What Is Zanshin And Why It Is Important For You
Zanshin is the state of readiness in Budo practice. Budo is the code of Martial Arts, the Martial Arts path, an education system in the modern world, rather than a fighting system like many people believe.
Translated literally, Zanshin means “left over or remaining heart / spirit”.
Zanshin is not something you can aim for, it’s not a goal, it’s rather like discipline or awareness, you always have to work on it. You will never “get there”.
I have yet to understand what it is but I will give it my best to explain what I’ve learnt so far in the past 20 years.
I took elements of Budo into my coaching and teachings blending the wisdom of traditional martial arts with modern coaching methods.
This approach helps me make huge breakthroughs with my clients, taking them from exhaustion and shut down to energetic and fully functional. As they learn about Zanshin they apply the 8 aspects and their life changes.
The 8 aspects of Zanshin:
It was difficult to find sources on Zanshin. Well….good sources with information that explains what it is in a satisfying way that I agree with and resonates with my teachings.
After searching and searching I found the eight aspects of Zanshin which made perfect sense and bring out exactly what I teach day in and day out.
The eight aspects refer to Martial Arts, at first glance. But….if you look closely you will see they apply to every and any area of your life. And here’s how:
1. Posture (Shisei)
How you use and move your body. Elongate your body, be relaxed yet prepared to respond to any unpredictable situations that may arise. Be prepared for the expected and unexpected.
If I’ve ever coached you then you know how much emphasis I put on posture at every single session and/or call we have. I remind and remind and remind you until you hear my voice in your head reminding you.
2. Eye control (Metsuke)
Observing the world around you, take notice of everything and everyone and be prepared
3. Engagement distance (Ma-ai)
Interacting with the outer world. Although you can clearly notice the application of this aspect in fighting there are ways to bring it into your day to day life. You can call this you personal bubble that no one should disturb.
You have to be aware of who and how close someone may get. This can also be applied to other circumstances like how close you stopped to the car in front of you.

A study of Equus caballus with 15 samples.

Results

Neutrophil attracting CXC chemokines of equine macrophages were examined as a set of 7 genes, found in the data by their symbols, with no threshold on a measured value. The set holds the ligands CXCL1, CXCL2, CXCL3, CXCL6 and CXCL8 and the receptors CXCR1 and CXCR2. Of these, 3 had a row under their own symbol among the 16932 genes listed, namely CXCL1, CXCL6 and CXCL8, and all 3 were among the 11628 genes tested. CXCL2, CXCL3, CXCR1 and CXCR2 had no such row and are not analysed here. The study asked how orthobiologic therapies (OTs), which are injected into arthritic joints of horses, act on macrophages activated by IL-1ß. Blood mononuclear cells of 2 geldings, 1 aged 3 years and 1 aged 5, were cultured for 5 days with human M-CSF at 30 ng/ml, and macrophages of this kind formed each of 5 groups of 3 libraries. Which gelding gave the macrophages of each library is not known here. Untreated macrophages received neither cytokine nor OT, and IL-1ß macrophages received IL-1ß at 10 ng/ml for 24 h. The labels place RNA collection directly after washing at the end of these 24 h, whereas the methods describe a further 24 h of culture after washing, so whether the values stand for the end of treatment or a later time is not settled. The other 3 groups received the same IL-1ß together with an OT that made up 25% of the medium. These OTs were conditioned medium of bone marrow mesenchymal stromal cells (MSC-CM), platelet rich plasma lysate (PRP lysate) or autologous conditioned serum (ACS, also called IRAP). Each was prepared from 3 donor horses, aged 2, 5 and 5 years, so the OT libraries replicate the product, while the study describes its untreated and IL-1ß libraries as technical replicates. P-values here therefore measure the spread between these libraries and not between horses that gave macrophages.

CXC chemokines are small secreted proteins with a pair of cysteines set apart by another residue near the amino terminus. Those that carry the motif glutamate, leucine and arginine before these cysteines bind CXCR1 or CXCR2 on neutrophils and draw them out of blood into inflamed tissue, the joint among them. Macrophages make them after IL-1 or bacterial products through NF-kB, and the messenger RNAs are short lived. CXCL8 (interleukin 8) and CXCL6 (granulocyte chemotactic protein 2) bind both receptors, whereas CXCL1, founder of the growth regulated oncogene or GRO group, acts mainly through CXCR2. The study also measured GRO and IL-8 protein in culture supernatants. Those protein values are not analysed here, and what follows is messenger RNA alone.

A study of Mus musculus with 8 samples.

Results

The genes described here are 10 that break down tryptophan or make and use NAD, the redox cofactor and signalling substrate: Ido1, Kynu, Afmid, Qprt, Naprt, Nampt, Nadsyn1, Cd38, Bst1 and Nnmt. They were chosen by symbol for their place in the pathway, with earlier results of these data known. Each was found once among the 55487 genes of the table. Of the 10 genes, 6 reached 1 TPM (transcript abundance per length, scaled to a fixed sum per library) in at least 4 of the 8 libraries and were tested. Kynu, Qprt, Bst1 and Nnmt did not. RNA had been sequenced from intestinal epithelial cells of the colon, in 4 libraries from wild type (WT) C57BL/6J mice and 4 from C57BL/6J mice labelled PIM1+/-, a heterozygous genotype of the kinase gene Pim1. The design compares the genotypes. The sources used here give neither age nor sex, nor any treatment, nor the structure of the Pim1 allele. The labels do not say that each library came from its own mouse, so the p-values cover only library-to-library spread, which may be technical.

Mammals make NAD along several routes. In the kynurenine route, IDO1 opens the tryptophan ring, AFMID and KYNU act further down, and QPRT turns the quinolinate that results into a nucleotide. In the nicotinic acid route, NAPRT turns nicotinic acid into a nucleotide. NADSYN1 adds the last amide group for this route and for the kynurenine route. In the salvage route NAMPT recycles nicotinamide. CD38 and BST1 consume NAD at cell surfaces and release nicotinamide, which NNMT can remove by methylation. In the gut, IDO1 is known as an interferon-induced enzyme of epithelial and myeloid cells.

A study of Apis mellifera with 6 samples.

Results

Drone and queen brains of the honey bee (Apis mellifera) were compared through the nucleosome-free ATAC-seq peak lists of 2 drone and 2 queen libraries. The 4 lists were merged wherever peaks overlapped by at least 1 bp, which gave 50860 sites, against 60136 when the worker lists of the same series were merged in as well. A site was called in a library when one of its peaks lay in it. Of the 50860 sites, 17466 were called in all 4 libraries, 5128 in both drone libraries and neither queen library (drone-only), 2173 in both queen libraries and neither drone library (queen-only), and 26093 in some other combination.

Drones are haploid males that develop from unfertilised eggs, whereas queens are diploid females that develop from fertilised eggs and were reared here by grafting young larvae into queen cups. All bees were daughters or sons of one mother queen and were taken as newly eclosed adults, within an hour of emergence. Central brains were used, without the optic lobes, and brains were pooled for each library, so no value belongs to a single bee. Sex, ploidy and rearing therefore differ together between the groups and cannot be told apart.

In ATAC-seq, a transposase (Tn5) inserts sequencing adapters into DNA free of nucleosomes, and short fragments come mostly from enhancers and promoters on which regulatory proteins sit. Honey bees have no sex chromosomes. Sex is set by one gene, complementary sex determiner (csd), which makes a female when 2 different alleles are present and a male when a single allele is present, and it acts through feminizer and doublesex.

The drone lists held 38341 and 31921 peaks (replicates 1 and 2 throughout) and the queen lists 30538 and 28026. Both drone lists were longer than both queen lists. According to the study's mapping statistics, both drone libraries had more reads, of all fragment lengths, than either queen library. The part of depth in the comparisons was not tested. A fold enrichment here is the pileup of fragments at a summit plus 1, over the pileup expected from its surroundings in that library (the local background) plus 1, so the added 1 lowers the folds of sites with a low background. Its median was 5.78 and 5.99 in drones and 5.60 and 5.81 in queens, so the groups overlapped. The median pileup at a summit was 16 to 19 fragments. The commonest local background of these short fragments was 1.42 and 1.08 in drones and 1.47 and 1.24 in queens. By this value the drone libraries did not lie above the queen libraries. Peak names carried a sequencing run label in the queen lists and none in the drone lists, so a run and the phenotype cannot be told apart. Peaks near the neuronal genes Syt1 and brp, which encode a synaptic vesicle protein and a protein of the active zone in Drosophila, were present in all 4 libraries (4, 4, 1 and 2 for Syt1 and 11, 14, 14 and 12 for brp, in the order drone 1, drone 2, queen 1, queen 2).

It’s paying attention to distance you put between you and someone or something for your own safety and comfort.
4. Focused energy (Kiai)
Be involved with your mind, body and spirit and let nothing disturb your focus. This is probably easier said than done with today’s technology and facebook on our iphones.
I personally refused to have internet on my iphone or ipad so that I am not tempted to see who and what commented or what emails I’ve received. If anyone wants to get hold of me they can call.
5. Connection (Ki musubi)
Awareness of and connection with your inner world. Now we talk about how much attention you pay to what’s going on inside of you.
And here I mean thoughts, emotions, but also how your body feels, what it’s asking for and how tuned it you are.
6. Decisive focus (Kime)
Don’t waste energy, channel it towards one thing. In Karate you do not think about your business while you practice a Kata. You do that and your focus and energy are lost.
You focus on what you are doing in the moment. You can be aware of what are your next 3-4 moves but the focus is on the move you are engaging in at that moment in time.
Of course this is difficult to do for someone who has 1000 other things. But this is where meditation come into play, to help make space and re-arrange your thoughts in the correct order.
7. Essence of the technique (Riai)
This is something I emphasize to my students over and over again. In life look for quality rather than quantity.
Too often we find ourselves running for more, faster and better. I know I do…many times. I am always striving for speed, perfection as well as quality. Sometimes I fail and that’s when I slow down.
It’s not easy, that’s why Zanshin is a lifelong journey. It is not a goal, a milestone or destination.
8. Intuition/awareness (Kanken)
The 8th aspect of Zanshin is link between the heart and the mind and brings together all the other aspects.
You cannot keep good posture if you are not aware of your own body. And you may notice what your body feels but you need intuition to know what it needs to thrive.
All aspects come down to intuition and awareness. And you need to train your awareness to train your intuition.
This is what Zanshin is and the reason I chose it to be part of The Merisoiu Technique Five Essential principles.
Zanshin can be taught through face to face or virtual coaching. That doesn’t mean you will master it. Mastering takes years, but you will get a glimpse of what I am talking about here.
So if you want to talk about it and I will also take you through a posture and breathing analysis book a FREE call with me and let’s put you on the Zanshin path, starting today.